Health concerns arise after Deer Park chemical fire

By Rose-Ann Aragon - Reporter

DEER PARK, Texas - After nearly four days of burning, a massive fire at the ITC chemical storage facility in Deer Park was declared out at 3 a.m. Wednesday.

Now, the ITC, the Environmental Protection Agency, the Texas Commission on Environmental Quality, the U.S. Coast Guard and Harris County are monitoring and conducting investigations to look into air, water and soil quality post-fire.

"We've been here continuously 24-hour operations," said EPA Region 6 spokesperson Adam Adams. "We've conducted air monitoring on the ground, around the vicinity of the site as well as downwind in the plume."

The EPA is monitoring areas as far as La Porte all the way to Katy. EPA representatives said there are no areas of concern in regard to air.

"We've not seen any hazardous concentration of the VOCs or the particulate matter throughout the plume -- through any of the data that's been provided," Adams said. "We've also conducted daily aerial assessments above the site. We're taking some water samples in the drainage path."

Sky2 flew over the waterways near ITC.

VIDEO: Aerials of runoff near Deer Park ITC tank farm

Some schools closed Wednesday due to concerns over health.

Shell in Deer Park also told its employees to shelter in place early Wednesday. A spokesperson stated:

"Shell Deer Park has detected low levels of benzene at our facility and as a result has enacted a shelter in place for certain areas within our site. Shell has global standards for permissible exposure limits, where Shell’s permissible exposure limits differ from OSHA exposure limits, Shell will follow the more stringent criteria. In this case, the chemical readings we are seeing are at or below the OSHA permissible exposure limits but above Shell HSSE standards requiring a shelter in place. Individuals in the community seeking more information on air quality should contact their local office of emergency management."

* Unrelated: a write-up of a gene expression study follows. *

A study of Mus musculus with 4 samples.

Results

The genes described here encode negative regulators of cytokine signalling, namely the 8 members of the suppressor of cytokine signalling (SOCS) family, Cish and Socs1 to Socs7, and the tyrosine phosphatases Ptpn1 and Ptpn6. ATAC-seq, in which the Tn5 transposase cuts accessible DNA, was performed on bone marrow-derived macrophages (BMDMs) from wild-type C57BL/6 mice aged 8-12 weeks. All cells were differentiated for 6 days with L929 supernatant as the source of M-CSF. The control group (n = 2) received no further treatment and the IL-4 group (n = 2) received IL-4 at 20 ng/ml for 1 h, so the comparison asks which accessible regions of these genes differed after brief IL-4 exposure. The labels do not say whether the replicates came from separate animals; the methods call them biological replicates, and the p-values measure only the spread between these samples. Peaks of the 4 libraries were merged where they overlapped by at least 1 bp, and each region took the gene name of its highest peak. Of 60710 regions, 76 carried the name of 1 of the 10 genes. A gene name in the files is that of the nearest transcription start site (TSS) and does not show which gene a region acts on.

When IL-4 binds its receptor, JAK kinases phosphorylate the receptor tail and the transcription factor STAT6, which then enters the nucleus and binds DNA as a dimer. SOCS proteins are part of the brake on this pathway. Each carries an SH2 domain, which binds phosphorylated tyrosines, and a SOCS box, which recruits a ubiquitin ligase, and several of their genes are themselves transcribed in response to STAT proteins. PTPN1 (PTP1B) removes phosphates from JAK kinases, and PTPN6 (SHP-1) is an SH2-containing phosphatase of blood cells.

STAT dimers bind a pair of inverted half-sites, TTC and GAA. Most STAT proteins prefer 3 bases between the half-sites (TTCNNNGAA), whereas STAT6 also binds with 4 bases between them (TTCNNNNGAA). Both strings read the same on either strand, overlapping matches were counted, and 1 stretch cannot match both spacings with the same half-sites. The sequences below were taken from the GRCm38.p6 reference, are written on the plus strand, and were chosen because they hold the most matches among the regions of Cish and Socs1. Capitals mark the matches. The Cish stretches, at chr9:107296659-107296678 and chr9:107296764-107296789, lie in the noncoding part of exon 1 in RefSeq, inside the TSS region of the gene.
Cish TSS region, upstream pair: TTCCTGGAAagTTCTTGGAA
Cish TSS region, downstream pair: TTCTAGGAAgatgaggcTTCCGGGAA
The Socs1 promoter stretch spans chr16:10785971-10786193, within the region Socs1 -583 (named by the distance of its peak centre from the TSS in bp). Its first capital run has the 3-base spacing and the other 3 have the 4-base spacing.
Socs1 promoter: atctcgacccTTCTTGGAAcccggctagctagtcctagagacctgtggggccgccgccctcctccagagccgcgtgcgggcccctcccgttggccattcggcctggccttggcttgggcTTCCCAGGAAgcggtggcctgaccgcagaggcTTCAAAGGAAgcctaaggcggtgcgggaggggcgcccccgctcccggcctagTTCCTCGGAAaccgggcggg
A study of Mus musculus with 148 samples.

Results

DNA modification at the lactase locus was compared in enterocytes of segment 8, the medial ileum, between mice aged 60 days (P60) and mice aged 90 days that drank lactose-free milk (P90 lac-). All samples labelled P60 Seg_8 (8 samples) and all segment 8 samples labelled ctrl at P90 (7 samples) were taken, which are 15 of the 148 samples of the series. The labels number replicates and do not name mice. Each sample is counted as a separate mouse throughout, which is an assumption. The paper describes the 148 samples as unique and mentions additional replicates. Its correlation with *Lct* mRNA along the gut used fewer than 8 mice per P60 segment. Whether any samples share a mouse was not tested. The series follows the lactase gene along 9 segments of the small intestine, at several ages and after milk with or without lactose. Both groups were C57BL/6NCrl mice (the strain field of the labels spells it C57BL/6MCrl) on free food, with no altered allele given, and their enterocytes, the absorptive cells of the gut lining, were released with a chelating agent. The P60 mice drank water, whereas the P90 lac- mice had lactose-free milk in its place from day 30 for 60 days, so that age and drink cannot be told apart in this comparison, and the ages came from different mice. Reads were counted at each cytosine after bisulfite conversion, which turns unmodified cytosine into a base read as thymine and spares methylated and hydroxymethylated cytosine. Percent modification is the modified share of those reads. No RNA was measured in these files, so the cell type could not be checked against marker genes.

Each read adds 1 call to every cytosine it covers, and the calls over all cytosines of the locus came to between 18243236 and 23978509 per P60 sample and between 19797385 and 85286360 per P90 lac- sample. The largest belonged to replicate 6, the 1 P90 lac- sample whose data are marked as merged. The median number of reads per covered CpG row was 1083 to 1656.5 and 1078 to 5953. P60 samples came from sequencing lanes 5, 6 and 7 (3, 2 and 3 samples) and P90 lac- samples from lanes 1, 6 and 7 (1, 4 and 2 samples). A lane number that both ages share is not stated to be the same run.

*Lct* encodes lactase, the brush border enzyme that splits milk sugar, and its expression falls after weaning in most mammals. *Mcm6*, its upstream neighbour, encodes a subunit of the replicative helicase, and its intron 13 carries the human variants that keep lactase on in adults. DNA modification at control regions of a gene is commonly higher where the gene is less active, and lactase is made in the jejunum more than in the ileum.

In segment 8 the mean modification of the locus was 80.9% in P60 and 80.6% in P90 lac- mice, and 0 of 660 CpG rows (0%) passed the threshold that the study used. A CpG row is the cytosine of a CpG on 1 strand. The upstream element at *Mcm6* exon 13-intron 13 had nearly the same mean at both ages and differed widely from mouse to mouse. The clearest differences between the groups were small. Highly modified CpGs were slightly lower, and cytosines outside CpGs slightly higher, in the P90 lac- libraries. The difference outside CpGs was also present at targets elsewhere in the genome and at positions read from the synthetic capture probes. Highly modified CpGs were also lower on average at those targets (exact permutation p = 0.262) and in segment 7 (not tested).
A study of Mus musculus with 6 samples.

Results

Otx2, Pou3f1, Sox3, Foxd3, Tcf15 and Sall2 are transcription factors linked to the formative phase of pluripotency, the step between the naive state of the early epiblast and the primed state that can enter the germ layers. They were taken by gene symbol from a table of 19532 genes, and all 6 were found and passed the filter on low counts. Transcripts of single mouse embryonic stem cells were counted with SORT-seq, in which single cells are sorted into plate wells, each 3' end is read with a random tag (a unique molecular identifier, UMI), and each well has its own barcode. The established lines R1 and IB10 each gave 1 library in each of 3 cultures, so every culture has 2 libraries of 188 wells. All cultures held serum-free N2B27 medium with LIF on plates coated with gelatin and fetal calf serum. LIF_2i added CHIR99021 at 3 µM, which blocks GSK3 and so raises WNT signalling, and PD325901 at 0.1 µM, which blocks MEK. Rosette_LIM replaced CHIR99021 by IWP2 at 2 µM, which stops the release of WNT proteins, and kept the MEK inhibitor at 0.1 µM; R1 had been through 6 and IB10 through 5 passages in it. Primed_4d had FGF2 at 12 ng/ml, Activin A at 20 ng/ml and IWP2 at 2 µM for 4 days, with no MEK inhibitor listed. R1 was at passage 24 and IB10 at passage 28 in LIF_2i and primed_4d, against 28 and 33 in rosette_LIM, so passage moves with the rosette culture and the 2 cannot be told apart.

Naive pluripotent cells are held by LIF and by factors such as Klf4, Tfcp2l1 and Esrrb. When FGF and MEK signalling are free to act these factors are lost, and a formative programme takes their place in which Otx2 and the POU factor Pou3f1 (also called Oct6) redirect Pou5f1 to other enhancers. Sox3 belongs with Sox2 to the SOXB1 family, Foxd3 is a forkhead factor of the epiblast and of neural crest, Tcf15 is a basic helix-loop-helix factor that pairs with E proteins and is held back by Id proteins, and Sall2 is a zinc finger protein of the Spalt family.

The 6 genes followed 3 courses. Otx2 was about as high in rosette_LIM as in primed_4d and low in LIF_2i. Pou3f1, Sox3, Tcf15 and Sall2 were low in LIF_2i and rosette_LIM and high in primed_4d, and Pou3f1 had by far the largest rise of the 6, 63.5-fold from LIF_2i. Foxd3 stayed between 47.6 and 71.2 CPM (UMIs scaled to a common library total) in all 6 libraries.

Shell lifted the shelter in place around 3 p.m. Wednesday. TCEQ representatives said there were higher levels of benzene around 6 a.m. Wednesday; however, they were not to levels of concern for short-term exposure of under an hour.

"Because fires are no longer burning up fuel sources in the tanks, TCEQ staff has observed hourly concentrations of benzene fluctuating in the vicinity of the ITC property. Vapor suppression activities are being conducted at the site," representatives with TCEQ stated. "Monitored levels of benzene have not reached a point of short-term health concern with a maximum of 66.6 parts per billion, recorded at a single air monitoring station at 6 a.m. Other monitors west of the fire have also measured increased readings of benzine of up to 14.9 ppb as of 10 a.m. TCEQ moved a temporary air monitoring station between the nearby neighborhood and the facility, and that station did not record any detectable levels of benzene as of 11 a.m. Short-term exposure to one-hour benzene concentrations below 180 ppb are not of health concern."

The TCEQ tweeted updated with its air quality and linked a website where people could monitor results on their own:

 

 

The Harris County Public Health Department said it, too, is monitoring air quality.

"After the successful extinguishing of the Intercontinental Terminals Company (ITC) fire at the Deer Park facility, public safety continues to be our foremost concern. There will be continuous air monitoring as clean-up operations begin, and as the monitoring shows extended favorable conditions, the monitoring will focus closer to the incident site. This means increased monitoring around the facility for the type of chemicals involved in the incident itself. If there is any indication of a threat to public safety, there will be immediate notification from local emergency management officials," representatives with Harris County Judge Lina Hidalgo's office stated.

Meanwhile, the TCEQ said a contractor is testing water samples at the Tucker Bayou to the Houston Ship Channel. Results won't come for 24 to 72 hours.

ITC said it will also wait on soil test samples to make sure the area is safe before investigating the cause of the massive tank fire.

"The cause of the fire is still unknown, but as soon as it is safe to get our personnel in the tank farm, we will begin a root cause investigation," Alice Richardson, ITC Deer Park Public Information Officer, said.

For more information on TCEQ's investigation on air and water quality, click here.